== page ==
Special Coverage

Chicago Auto Show

Ford Motor Co.’s Transit Connect commercial van will be the first among the auto maker’s product portfolio to venture into the electric-vehicle market.

The small van, which has been available in Europe and other global markets for years, will be sold in North America beginning this year with the internal combustion model, followed by an EV model in 2010.

Both versions of the vehicle will debut at this week’s Chicago Auto Show.

The electric-powered Transit Connect was developed by Ford in conjunction with Smith Electric Vehicles, a leading European electric-commercial vehicle up-fitter.

Smith, which has converted tens of thousands of vehicles to battery-electric power for European markets, already offers battery-electric versions of the medium Transit commercial vehicle to fleet customers.

The company began producing electric “milk floats” in 1920 for the U.K. market, which were used to quietly deliver milk in the early hours so as not to disturb residents, says Mike Tinskey, Ford’s manager of hybrid programs.

Smith’s extensive background in developing EVs, and its desire to make inroads in the U.S. market, is what brought the two companies together for the Transit Connect EV program.

“There was mutual interest to electrify the Transit Connect,” Tinskey says. “It was a good arrangement.”

The electric Transit Connect will be powered by a lithium-ion battery pack that boasts a range of up to 100 miles (161 km).

Recharging time will depend on the size of the battery pack, with the larger unit taking just under eight hours and the smaller version requiring four to eight hours, Tinskey says, noting the voltage output of the recharging outlet also is a factor.

The supplier of the Li-ion battery has yet to be disclosed, but Smith will be making an announcement in the coming weeks, he says.

The battery packs will power a 50 kW/hour induction motor driving the front wheels. The vehicle will have a top speed of 70 mph (113 km/h) and be capable of towing or hauling about 1,600 lbs. (726 kg).

The electric van will be built alongside its gasoline counterpart at Ford’s Kocaeli, Turkey, assembly plant, minus their powertrains.

The vans then will be shipped as “gliders,” a term Ford uses to refer to vehicles lacking a powertrain, to undisclosed sites in the U.S. and the U.K. operated by Smith, where the electric drivetrains will be installed.

Ford will avoid the so-called U.S. “chicken tax” tariff imposed on imported commercial vehicles by equipping them with seats, which will be removed at the shipping ports, says Andy Georgescu, Ford marketing manager-commercial vehicles.

“They will be modified at that point as cargo vans,” he says. “But all (Transit Connects) shipped to the U.S. will be as passenger wagons with seats.”

Validation testing now is under way, Tinskey says, adding the EV version should be just as robust, or more so, than its gasoline counterpart.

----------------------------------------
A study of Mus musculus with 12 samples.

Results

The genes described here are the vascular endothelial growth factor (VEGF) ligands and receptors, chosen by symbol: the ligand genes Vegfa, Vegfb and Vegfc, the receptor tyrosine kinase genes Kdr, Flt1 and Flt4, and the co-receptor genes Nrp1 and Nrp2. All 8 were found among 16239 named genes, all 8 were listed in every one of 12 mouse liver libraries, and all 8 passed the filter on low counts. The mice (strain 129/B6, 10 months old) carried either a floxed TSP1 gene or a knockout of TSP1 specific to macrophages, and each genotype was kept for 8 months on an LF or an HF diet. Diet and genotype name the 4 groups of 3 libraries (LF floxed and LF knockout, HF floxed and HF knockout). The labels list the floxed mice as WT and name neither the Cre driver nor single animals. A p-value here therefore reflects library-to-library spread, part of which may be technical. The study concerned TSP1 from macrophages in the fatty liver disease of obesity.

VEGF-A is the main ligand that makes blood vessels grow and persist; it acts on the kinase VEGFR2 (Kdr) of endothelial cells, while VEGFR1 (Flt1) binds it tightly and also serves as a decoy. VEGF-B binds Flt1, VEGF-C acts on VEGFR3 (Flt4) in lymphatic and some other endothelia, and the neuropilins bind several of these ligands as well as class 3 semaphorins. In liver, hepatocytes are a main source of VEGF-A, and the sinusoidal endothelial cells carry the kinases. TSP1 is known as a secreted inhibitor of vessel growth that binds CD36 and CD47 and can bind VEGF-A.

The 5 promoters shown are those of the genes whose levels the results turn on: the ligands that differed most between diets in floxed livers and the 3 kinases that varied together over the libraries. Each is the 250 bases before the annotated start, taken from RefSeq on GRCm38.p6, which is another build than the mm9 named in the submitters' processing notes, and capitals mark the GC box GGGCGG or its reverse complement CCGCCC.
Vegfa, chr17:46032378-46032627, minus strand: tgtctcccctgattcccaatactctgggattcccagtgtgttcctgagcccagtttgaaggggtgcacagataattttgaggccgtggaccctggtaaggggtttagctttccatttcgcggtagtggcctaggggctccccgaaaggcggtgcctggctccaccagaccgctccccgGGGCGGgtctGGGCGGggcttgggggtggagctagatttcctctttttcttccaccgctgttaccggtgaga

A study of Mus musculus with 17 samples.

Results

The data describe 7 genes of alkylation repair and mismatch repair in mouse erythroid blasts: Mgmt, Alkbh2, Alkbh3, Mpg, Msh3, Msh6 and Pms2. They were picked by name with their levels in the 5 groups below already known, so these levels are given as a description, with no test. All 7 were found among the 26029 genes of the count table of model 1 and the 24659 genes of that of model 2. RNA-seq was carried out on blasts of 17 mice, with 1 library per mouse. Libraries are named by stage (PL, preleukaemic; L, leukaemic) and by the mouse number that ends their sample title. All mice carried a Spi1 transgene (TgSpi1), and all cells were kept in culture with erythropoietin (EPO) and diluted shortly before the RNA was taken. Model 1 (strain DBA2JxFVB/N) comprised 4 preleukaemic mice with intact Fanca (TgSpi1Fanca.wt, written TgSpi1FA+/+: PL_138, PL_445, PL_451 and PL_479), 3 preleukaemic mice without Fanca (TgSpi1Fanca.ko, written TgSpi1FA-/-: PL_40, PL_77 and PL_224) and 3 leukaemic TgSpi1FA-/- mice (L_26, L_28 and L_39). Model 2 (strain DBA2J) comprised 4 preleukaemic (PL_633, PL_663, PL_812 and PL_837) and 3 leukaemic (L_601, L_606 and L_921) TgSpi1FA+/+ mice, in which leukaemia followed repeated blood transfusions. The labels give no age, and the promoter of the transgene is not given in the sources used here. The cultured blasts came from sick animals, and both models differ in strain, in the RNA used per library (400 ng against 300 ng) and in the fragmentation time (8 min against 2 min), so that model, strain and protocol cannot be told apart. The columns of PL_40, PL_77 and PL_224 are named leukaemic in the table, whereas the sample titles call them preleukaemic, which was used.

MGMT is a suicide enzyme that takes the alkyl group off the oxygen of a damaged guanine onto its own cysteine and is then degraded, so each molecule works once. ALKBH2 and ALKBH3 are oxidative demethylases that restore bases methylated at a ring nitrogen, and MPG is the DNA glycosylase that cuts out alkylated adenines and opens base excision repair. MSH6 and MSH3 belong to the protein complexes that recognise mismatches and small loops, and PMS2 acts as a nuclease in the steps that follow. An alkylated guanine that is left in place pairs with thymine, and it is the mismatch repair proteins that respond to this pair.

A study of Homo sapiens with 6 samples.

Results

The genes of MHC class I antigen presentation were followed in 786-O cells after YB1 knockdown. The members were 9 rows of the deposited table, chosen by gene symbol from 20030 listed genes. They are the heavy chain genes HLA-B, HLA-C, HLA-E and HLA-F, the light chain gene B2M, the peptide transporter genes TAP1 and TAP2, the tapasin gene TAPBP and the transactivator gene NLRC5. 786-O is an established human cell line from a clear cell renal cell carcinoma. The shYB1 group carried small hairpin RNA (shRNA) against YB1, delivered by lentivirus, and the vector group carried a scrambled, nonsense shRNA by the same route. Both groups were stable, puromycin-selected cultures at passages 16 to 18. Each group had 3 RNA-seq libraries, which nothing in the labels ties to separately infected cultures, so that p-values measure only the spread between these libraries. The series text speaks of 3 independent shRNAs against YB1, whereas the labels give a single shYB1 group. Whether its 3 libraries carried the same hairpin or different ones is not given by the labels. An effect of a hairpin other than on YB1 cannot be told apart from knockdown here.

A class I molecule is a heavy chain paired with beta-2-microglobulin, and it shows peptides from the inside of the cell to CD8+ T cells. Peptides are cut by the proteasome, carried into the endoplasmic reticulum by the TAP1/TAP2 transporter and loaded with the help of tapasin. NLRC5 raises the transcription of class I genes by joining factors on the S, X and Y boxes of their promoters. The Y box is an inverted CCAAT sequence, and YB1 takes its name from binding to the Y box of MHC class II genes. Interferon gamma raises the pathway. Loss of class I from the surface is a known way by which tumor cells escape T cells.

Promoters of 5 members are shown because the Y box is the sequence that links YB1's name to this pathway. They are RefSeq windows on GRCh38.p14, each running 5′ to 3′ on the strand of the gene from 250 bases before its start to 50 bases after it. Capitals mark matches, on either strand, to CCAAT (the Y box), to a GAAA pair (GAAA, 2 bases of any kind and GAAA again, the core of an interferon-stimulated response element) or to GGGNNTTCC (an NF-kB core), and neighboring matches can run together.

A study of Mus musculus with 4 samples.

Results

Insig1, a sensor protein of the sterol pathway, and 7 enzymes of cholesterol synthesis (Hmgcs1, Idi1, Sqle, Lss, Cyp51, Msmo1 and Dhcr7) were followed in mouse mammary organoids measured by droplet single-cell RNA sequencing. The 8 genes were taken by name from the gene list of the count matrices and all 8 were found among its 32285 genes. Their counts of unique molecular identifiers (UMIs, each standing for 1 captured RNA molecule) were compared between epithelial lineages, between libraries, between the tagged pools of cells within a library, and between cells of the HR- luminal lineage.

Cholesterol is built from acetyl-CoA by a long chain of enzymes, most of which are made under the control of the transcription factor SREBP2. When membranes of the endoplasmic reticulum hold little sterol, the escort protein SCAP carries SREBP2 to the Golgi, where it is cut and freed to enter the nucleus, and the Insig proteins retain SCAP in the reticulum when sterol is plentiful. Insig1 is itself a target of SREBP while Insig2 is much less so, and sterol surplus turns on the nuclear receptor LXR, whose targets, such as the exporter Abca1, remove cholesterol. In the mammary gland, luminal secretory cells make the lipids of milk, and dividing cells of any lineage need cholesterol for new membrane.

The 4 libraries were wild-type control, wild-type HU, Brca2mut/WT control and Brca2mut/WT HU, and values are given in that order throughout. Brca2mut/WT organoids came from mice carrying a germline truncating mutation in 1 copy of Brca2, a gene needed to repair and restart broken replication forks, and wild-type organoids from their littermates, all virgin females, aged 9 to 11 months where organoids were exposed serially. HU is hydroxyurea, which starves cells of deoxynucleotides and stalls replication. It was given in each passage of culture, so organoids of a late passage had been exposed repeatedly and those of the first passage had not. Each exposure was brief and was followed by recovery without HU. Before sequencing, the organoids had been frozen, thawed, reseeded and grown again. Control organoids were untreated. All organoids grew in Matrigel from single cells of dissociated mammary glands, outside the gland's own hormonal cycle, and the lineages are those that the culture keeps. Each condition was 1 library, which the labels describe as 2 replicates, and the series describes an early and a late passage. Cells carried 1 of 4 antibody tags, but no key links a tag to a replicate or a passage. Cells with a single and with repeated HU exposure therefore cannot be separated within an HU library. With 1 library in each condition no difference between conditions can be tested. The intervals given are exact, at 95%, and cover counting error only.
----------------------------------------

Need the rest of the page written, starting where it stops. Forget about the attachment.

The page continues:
“The electrical (drivetrain) has less moving parts than the combustion (version),” he says. “The ideal fleet customer (for the vehicle) is someone who has an (established) route every day, so these probably won’t be high-mileage vehicles.”

Once the electric-powered Transit Connect enters service, Ford will be able to gain valuable insight into how EVs operate in real-world conditions.

This will be helpful as the auto maker continues with its electrification program, which calls for a battery-powered small car in 2011, followed by next-generation hybrid-electric and plug-in electric vehicles in 2012.

“We’re going to get data on how the (electric Transit vans) are charged; how far they go and apply those learnings to (future) products,” Tinskey says.

Georgescu says the standard Transit Connect and the electric version should attract two distinct customer groups. “(EV customers) want to make a statement about greenness and, because of the battery (range), are going to be more urban in nature.”

Georgescu and his team have been crisscrossing the country training Ford dealers on the unique attributes of the Transit Connect, a vehicle unlike others in Ford’s lineup. Dealers won’t learn about the electric version until later this year.

The gas-driven Transit Connect will be powered by a 2.0L Duratec 4-cyl. engine producing 136 hp and 128 lb.-ft. (174 Nm) of torque. The engine will be mated to a 4-speed automatic transmission that Ford says will provide fuel economy estimated at 20-24 mpg city/highway (11.7-9.8 L/100 km).

No other powertrains will be available at launch, Georgescu says. “Our research shows customers we’re targeting are comfortable with the Duratec.”

Georgescu describes Transit Connect customers as independent, small businesses, but the van could appeal to large fleets as well.

The Transit Connect offers greater versatility than most commercial vans in the North American market, Ford says, thanks to its dual-sliding doors and rear doors that open 180 degrees, making the handling of cargo easier.

The Transit Connect boasts a cargo capacity of 135 cu.-ft. (3.8 cu.-m) and can accommodate loads up to 6.5 ft. (2.0 m) in length and 4.7 ft. (1.4 m) in width.

The vehicle comes in a variety of configurations, including a cargo van with no windows in the sliding doors; a panel-van version; and a wagon model that comes with a folding second-row bench seat.

While the Transit Connect primarily is geared toward commercial uses, Georgescu says retail consumers may be attracted by its versatility. “I think it will be fun to see how personal-use buyers grow (in numbers),” he says. “We’ve shown it to some families and hobbyists.”

The gas-powered Transit Connect will be sold at all Ford dealerships, with a base price of $21,475. The electric models only will be sold at select dealers. Pricing has yet to be announced, although Ford says the EVs will carry a premium over their gasoline counterparts.